What is Irish Grain Whiskey?
Irish grain whiskey (or single grain whiskey if made at one single distillery) is the most produced style of whiskey made on the island of Ireland by volume and is one of the three styles of whiskey produced in the country alongside Irish malt whiskey and Irish pot still whiskey.
Grain whiskey is made in Ireland from a mixture or mash of malted (maximum 30%) and unmalted grains. It is distilled using a continuous column still, which allows for continuous whiskey production as opposed to batch production and delivers a higher alcohol content than the pot stills used to make Irish single malt or single pot still whiskey.
Midleton Distillery uses predominantly maize (90%+) in its grain whiskey production, sourced from Bayonne in the southwest of France, while Tullamore Distillery uses wheat, as two examples of different approaches to grain whiskey production. Historically the Scots have favored the use of wheat in their grain whisky production while the Irish have tended to use maize/corn predominantly.
Most of the grain whiskey produced in Ireland is blended with malt whiskey or pot still whiskey to create blended whiskeys like Jameson, Powers Gold, Bushmills Original and Proper No. 12. Blended whiskeys are by far the most sold Irish whiskeys globally.
Over the past few years, more and more grain whiskeys have been released as standalone whiskeys, unblended, and when made at one distillery, released as single grain whiskeys, such as our very own Stories & Sips Whiskey Club/Two Stacks collaboration, The Craic, which was a 12 yr old Single Grain Whiskey made from a mash of around 8% malted barley, 92% maize at Cooley Distillery before being matured for 12 years in first fill bourbon barrels and six months in an American-style Madeira wine cask.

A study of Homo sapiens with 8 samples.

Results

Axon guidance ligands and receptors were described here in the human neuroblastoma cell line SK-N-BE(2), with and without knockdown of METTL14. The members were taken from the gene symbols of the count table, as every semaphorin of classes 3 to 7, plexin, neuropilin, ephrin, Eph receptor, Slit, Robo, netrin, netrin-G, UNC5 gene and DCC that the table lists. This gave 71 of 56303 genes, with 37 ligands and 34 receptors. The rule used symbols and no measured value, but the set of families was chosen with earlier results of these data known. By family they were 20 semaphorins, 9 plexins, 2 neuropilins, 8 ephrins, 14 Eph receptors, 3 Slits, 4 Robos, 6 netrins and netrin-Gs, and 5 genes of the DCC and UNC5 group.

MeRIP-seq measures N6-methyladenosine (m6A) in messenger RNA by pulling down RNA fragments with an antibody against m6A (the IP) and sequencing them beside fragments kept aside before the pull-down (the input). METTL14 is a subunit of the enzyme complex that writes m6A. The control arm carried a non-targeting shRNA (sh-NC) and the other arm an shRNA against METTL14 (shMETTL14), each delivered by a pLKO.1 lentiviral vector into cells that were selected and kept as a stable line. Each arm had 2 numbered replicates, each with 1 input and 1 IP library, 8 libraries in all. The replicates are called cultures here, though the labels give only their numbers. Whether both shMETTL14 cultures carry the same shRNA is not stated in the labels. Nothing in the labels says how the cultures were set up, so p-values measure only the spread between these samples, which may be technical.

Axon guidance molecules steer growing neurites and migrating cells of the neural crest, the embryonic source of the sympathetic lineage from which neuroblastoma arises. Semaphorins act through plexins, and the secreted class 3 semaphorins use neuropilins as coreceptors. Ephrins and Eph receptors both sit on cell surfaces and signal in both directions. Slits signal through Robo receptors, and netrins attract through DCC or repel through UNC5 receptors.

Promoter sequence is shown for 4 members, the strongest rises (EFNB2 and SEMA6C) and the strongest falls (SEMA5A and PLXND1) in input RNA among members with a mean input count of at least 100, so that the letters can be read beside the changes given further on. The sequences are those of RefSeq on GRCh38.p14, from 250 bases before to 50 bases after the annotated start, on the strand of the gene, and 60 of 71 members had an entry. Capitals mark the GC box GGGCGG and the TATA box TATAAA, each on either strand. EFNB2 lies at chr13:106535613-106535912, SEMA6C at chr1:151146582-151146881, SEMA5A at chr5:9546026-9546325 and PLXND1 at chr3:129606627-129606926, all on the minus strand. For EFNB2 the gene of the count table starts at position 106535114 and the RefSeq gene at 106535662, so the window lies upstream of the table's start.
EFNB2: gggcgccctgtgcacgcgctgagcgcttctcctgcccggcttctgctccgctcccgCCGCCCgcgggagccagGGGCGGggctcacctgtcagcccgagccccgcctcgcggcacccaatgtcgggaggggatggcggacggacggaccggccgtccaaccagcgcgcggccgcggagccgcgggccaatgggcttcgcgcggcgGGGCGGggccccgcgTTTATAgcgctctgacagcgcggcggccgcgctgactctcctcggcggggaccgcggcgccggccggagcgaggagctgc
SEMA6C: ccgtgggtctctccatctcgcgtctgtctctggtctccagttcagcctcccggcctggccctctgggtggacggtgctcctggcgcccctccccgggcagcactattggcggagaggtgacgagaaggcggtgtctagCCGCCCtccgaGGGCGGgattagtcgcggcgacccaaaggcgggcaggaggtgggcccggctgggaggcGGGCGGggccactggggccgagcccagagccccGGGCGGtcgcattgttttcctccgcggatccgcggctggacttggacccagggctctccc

Other examples include Ballyhoo Irish whiskey, Clan Colla 7yr old, Glendalough Double Barrel, Fercullen 10yr old and J.J. Corry The Hanson.
Per the Irish Whiskey Technical File, which informed the European Law that governs Irish whiskey production, grain whiskey can only be distilled through column stills. This method of distillation involves:
- Passing a continuous flow of wash down through a series of perforated plates within the distilling column.
- Steam is applied at the base of the column this results in vapour moving up through apertures on each plate, removing alcohols and other congeners from the wash. The alcohol laden vapour is cooled in a condenser at the top of the column.
- This first stage vapour is distilled a second time through a secondary column. The flavour intensity of this spirit is influenced by removal of overheads from the condenser section of this column. Side stream fractions are also removed.
- Grain spirit is much less intense in flavour when compared to Pot Still distillates.
- Final spirit is removed from the second or third column at a strength of c. 94.5% vol before being cut down with water, then added to wooden barrels for a minimum of three years.
Grain whiskey tends to be lighter, fruitier and more susceptible to the flavors created during the maturation phase. Most grain whiskeys therefore tend to spend most of their maturation period in casks that match their flavor profile, such as ex-bourbon American barrels.
The next time you see the phrase Single Grain Irish Whiskey on the label of a whiskey bottle, you’ll know what it means.